My good Twitter friend @TheRomit suggested adding a plus (+) sign to the end of a shortened URL to see the stats. I did this to a SkyDrive URL and it does show the stats on the image since the shortened URL is based on bit,ly.
You can check out the stats yourself by visiting this link – sdrv.ms/UqjPu6+
That is great and handy to have however, I would like to see the data on the image page on the SkyDrive or at least linking to this data page from within SkyDrive?
On the other hand I tried the same thing with a Twitter based shared picture and got a 404 error. Maybe they are working on it along with their official Windows 8 Twitter App.
One of the features that is now built into Windows 8, Windows Phone (7.X and 8) and of course directly on the SkyDrive.com website is the ability to share images with the public via your SkyDrive but without providing full access to your SkyDrive files.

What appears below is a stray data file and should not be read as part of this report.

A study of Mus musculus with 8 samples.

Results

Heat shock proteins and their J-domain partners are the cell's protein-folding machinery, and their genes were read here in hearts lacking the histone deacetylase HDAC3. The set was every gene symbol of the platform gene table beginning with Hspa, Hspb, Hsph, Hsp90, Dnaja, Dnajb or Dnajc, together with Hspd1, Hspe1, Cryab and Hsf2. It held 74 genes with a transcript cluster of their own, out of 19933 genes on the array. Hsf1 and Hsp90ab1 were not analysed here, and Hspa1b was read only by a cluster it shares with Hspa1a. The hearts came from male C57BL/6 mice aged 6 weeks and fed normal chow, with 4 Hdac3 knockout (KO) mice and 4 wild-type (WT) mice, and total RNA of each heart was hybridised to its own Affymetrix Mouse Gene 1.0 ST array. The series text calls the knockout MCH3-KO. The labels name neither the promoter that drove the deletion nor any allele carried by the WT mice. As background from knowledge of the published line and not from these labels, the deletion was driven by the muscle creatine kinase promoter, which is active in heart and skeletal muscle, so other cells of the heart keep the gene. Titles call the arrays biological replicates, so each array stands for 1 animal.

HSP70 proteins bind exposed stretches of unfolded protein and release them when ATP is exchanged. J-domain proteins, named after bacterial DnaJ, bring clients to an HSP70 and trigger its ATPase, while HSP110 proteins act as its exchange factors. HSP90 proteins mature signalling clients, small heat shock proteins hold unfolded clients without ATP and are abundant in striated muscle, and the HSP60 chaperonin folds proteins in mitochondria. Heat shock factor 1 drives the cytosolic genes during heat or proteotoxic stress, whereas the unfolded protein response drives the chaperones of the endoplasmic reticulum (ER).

On all of the official Twitter apps picture sharing is through their own service.
Sharing a picture with these services is not unlike sharing a document with a friend except this one is public for anyone and everyone to see who has access to the link.
Now with sharing being built in to all of our devices wouldn’t it be great to see how far it is going out there on the Internet?
I was having this discussion with someone on Twitter a few days ago about how we all like to see the reach of what we do.
Some services out there like TwitPic have the number of views right there on the display page for your picture or video. Of course we know the same goes for YouTube and many other sites.
However, there are two prominent means of sharing pictures that provide zero feedback on the reach of your photo sharing.
SkyDrive and Twitter.
Both services have built in photo sharing abilities and make it very easy to do however, neither of them give any feedback on how many times those images get seen.
The data must exist somewhere on some server I am sure. Why not add the simple little bit of code that would display that number on the same page as the image itself?
Isn’t all about data these days anyway?